The Jetty in Christchurch is in an idyllic location; the picture-perfect backdrop of Mudeford Quay instantly takes my breath away as I head towards a modern timber building quite literally on the water’s edge. I’m at The Jetty, to meet with Alex Aitken – the man behind it all – to talk about life as a local celebrity, what it takes to win a Michelin Star, and how he’s turned Gary Rhodes’ restaurant into the success it is today.


BHbeat: The Jetty used to be run by Gary Rhodes when it was Rhodes South, how are you doing it differently?

Gary Rhodes’ style was a bit like ‘cooking by numbers’ – it’s very regimented, very unlike how we do it. I felt that it was very much in the style of a London restaurant, not a local neighbourhood restaurant. So my aim in taking it over was to use local food which is what we’re doing. We’re so close to the water it shouts out seafood although we certainly do other dishes. We have a catch of the day, and on that we could even name the boat it came from.

BHbeat: Where did it all start for you as a chef?

When I was a young lad I was bored, so I went and saw a friend of my uncle who owns a fishing boat, and at the age of 15 I ended up out there in the sea, fishing. I was earning £150 a week, which those many many many [laughs] years ago, was worthwhile! It was very hard work but amazing, and very impressionable. The amount of work that goes in at that level is immense.

BHbeat: How did you go from fisherman to restaurateur?

I’ve always loved food. Part of it came from my father being in the Royal Air Force, so we did eat out quite often in the Sergeant’s Mess; there were always quite big dinners and events.

Caroline and I had had an amazing meal at Le Gavroche in London, which at the time was the only three-star Michelin, and I just said, ‘we’ll open our own restaurant one day’.

“I just said, ‘we’ll open our own restaurant one day’.”

When I left the trawlers I got a job as a waiter, I went from one waiting job to another working my way up until I became restaurant manager. And then in 1983 my day came. With my wife eight and a half months pregnant, we bought our first restaurant in Brokenhurst called Le Poussin. It was a success right from the word go. She did have to have a baby at one point so that took her out of work for a day! But Le Poussin was a great success, we got fame in the Michelin guide, the good food guide, Times restaurant of the year, etc. We got the lot!

BHbeat: What does it take to win a Michelin Star?

Consistency and using the right produce. And you should do what you say; when I won my first Michelin star the food was very simple but it was great produce, and it was simply cooked. I felt elated; I wanted one for years and I kept it for 15+ years.

BHbeat: What is your cooking style?

If you look at the way people work, they write menus then go and find the ingredients. I take inspiration from the ingredients. Farmers’ markets are great; I go out and get produce then cook the food from there. It’s a better way because you’re always getting the best produce. We also grow our own, the flavour is immense. We’ve got a small holding in Sway with pigs, chickens, beef and lamb.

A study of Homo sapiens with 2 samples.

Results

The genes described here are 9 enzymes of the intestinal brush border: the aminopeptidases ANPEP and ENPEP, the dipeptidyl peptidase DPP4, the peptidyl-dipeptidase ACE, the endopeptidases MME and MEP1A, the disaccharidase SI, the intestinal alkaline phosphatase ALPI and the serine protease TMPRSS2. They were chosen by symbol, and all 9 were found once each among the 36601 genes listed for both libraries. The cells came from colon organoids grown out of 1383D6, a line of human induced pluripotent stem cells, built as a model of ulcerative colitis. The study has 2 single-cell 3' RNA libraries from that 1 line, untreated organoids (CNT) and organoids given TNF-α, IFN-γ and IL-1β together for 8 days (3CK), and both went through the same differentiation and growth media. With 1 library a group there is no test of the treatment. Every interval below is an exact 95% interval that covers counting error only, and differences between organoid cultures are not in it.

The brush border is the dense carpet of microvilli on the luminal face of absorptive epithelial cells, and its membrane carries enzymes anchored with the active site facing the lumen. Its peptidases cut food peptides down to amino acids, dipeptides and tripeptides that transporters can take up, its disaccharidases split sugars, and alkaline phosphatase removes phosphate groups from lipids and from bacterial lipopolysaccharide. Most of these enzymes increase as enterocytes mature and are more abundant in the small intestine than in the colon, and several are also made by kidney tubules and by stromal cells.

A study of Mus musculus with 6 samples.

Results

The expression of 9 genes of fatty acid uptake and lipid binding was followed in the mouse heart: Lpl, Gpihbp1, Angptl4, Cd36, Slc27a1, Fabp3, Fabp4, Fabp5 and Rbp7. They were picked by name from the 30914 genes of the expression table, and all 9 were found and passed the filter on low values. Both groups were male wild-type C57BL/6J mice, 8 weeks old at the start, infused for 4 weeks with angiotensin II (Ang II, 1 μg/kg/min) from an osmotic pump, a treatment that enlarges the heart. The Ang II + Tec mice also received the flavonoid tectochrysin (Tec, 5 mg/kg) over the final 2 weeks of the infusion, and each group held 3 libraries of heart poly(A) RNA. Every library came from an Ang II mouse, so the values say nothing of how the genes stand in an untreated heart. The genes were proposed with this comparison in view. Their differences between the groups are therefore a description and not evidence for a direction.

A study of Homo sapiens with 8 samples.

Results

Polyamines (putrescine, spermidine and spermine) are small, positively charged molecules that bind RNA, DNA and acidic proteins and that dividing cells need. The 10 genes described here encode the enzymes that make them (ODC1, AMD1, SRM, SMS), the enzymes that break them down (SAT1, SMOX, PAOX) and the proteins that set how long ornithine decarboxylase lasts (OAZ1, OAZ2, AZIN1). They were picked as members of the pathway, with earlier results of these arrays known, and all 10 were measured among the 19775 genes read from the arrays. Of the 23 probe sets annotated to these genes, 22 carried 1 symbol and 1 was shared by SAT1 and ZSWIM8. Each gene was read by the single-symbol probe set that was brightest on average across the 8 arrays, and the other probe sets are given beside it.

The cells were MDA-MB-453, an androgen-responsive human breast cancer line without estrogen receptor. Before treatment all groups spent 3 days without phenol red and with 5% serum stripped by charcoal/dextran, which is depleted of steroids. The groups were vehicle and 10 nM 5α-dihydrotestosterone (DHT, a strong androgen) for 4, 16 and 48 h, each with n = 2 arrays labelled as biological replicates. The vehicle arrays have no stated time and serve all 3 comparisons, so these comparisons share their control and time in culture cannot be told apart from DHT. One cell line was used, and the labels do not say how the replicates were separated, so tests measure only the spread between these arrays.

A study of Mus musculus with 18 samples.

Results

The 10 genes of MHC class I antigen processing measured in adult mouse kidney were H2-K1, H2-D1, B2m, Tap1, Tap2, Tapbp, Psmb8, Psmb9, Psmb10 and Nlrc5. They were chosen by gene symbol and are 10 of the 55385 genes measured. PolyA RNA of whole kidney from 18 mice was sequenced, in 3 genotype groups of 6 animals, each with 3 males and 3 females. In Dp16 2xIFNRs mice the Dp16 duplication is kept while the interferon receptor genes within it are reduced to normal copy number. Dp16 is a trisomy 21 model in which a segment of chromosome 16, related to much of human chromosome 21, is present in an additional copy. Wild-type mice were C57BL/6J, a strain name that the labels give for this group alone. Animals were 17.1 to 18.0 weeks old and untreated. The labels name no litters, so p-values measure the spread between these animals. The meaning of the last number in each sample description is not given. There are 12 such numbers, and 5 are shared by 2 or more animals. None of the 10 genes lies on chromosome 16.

BHbeat: Have you got a signature dish?

Twice-baked cheese soufflé. People follow me around for it . You’ll have to try one! I’ve been doing it for years; everyone’s doing them now but no one does it the same. [At this point, Alex gets up and asks one of his team to put a cheese soufflé in the oven, and true to form, it’s as good as its reputation.]


BHbeat: Good quality produce can be expensive, do you think it’s pricing the public out of good food?

No, what prices them out is waste. And it prices most restaurants out of business. We are the most wasteful society there is. If you buy a good free range chicken for £10, you should get three or four meals out of that. And that’s what we don’t do; we roast a chicken, eat it at that meal time and then throw out the rest, and that’s the biggest problem; it is waste.

BHbeat: Do you think the Brits have a bad reputation for food?

Food in England is probably at its highest it’s been for years. We go through different revolutions and I have been around long enough to see Nouvelle cuisine. After the Nouvelle revolution, it opened the doors for people to develop their own styles, their own dishes and now with the TV shows it’s opened cookery up. You’ve now got your Heston Blumenthal’s which are chemists more than chefs. Don’t you not like Heston?

Yes I do like him, he’s a great chef and a great cook. But how I explain it is like this: think of Vivienne Westwood, you wouldn’t wear a Vivienne Westwood, but some of her designs filter down. That’s how I see Heston Blumenthal. It’s funny, in his restaurant; he’ll give you an iPod so you listen to the sound of the sea when you’re eating. Here, you open a window!

“In his restaurant; he’ll give you an iPod so you listen to the sound of the sea when you’re eating. Here, you open a window!” What do you think of the rise of the celebrity chef?

I think it’s brilliant. People know who I am now, what I’m going through. They’ve turned cooking into something big and important. Do you think you’re a bit of a local celebrity yourself?

[Hesitates] Well, people like me to be here. I don’t go out begging for compliments, but there’ll be people in that may want to see me. Gordon’s a friend, Marco’s a friend. I’ve met a few people in the game through my career. I’ve cooked for Helen Mirren; she was lovely. I did Jamie Cullum and Sophie Dahl’s wedding recently – they were lovely too. Joe Perry from Aerosmith – took him out for a spin in my Lotus! When he came back he said to his wife “here hun, take a pic of me and the chef in the car!” Who else have I cooked for? Oh yes, the Queen mum!